More Accomplishments from Dir. of the Year Ed Reynolds

Besides his success with community policing, Ed Reynolds has accomplished a lot in categories like training, department management, tech and mental health.

Chief of police at the University of North Texas’ flagship campus, Ed Reynolds, has been a proponent of community policing philosophy and has seen his strategy working first-hand.

Because of this accomplishment and many others, Campus Safety has named Chief Reynolds this year’s Higher Education Director of the Year.

Besides his community policing success, here are Reynolds’ other accomplishments:


  • Leveraged the interest generated by the passage of Texas’ campus carry law to train students, faculty and staff not only about firearm and active shooter safety and security best practices, but also on other emergency preparedness topics, such as fire and weather emergencies
  • Consolidated required officer annual training from monthly installments into two, 40-hour blocks during the summer, improving shift coverage during peak times (semesters) while reducing overtime costs
  • Committed the department to participate in a minimum of 18 tabletop exercises per year
  • Created a training video on “campus carry” that was used by the Texas Association of Community Colleges

Department Management

  • Maintained dual accreditation by the Commission on Accreditation for Law Enforcement Agencies (CALEA) and the International Association of Campus Law Enforcement Administrators (IACLEA)
  • Separated the police department from the transportation department so the chief’s focus could be on safety, security and the campus community
  • Achieved a 28 percent clearance rate for part-one crimes under the FBI Uniform Crime Report. The Texas statewide clearance average for 2016 was 18.6 percent, and the Texas College and University Police Department clearance average was 12.4 percent.
  • Improved officer morale
  • Increased and enhanced communications with civic groups in the city of Denton


  • Installed a new early warning/mass notification system in the police department so officers can quickly send pre-scripted alerts
  • Integrated existing high-level security camera systems and installed additional cameras resulting in increased coverage across campus and better interface capabilities
  • Expanded use of social media monitoring tools to identify potential threats and campus community welfare concerns, as well as enhance event security and increase situational awareness while managing incidents and providing valuable information for investigations and follow-up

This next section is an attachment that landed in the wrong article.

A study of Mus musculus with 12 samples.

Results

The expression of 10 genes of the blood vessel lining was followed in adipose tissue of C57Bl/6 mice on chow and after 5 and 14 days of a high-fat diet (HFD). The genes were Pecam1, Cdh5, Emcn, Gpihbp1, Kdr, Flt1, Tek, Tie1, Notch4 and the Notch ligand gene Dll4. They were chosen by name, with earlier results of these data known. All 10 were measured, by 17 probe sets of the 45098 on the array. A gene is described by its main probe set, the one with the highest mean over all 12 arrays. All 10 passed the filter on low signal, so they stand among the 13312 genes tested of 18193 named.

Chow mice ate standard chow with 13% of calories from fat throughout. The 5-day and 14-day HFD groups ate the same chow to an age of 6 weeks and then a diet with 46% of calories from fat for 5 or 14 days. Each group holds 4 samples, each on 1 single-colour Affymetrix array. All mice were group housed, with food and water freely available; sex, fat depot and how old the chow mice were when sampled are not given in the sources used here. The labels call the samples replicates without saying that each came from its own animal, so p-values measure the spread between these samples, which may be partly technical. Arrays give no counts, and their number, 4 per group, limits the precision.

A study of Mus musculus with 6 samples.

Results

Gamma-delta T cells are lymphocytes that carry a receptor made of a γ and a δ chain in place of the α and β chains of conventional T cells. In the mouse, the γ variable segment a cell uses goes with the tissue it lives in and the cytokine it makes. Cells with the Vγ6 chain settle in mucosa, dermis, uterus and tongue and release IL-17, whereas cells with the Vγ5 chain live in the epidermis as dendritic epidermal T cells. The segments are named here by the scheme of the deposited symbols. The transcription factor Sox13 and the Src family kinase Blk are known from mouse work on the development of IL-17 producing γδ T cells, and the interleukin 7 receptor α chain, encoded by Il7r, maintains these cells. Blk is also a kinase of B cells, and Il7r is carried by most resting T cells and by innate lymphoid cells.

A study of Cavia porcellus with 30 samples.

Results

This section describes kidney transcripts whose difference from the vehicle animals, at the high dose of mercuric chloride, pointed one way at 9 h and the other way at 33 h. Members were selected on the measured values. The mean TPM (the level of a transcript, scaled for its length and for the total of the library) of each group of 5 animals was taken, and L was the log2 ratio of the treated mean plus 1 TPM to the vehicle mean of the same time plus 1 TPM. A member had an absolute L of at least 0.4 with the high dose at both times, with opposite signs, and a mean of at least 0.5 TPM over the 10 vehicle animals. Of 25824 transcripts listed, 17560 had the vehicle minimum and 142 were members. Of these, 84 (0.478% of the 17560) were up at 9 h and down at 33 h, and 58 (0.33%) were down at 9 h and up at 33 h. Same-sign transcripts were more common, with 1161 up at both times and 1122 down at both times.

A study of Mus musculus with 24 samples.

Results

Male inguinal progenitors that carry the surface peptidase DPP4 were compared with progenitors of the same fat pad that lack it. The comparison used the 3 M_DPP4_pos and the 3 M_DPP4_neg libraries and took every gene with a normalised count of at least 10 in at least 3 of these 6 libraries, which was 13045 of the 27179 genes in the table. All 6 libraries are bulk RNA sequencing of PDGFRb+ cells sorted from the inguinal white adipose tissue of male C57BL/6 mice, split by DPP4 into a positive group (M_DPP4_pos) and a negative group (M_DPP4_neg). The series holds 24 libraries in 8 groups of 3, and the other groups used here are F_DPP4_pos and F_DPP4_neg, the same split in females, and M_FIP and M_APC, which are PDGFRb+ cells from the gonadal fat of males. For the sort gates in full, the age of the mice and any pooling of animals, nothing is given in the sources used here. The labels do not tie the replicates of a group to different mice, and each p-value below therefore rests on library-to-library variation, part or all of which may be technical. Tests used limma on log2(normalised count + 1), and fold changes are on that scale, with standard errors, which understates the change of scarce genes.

• Reduced bike theft on campus by creating a “U-Lock Promotion” where students could have their bikes engraved with their names and ID number, and receive a free U-Lock

Mental Health & Special Needs

  • Established a university CARE team for employees who are in distress
  • Created a special accommodation card for students on the autism spectrum. It lists emergency contact information and special needs accommodations that officers should take into account so they can more effectively interact with students with disabilities.

See the full photo gallery on Campus Safety’s Director of the Year Ed Reynolds here.

About the Author

Robin Hattersley Gray

Robin has been covering the security and campus law enforcement industries since 1998 and is a specialist in school, university and hospital security, public safety and emergency management, as well as emerging technologies and systems integration. She joined CS in 2005 and has authored award-winning editorial on campus law enforcement and security funding, officer recruitment and retention, access control, IP video, network integration, event management, crime trends, the Clery Act, Title IX compliance, sexual assault, dating abuse, emergency communications, incident management software and more. Robin has been featured on national and local media outlets and was formerly associate editor for the trade publication Security Sales & Integration. She obtained her undergraduate degree in history from California State University, Long Beach.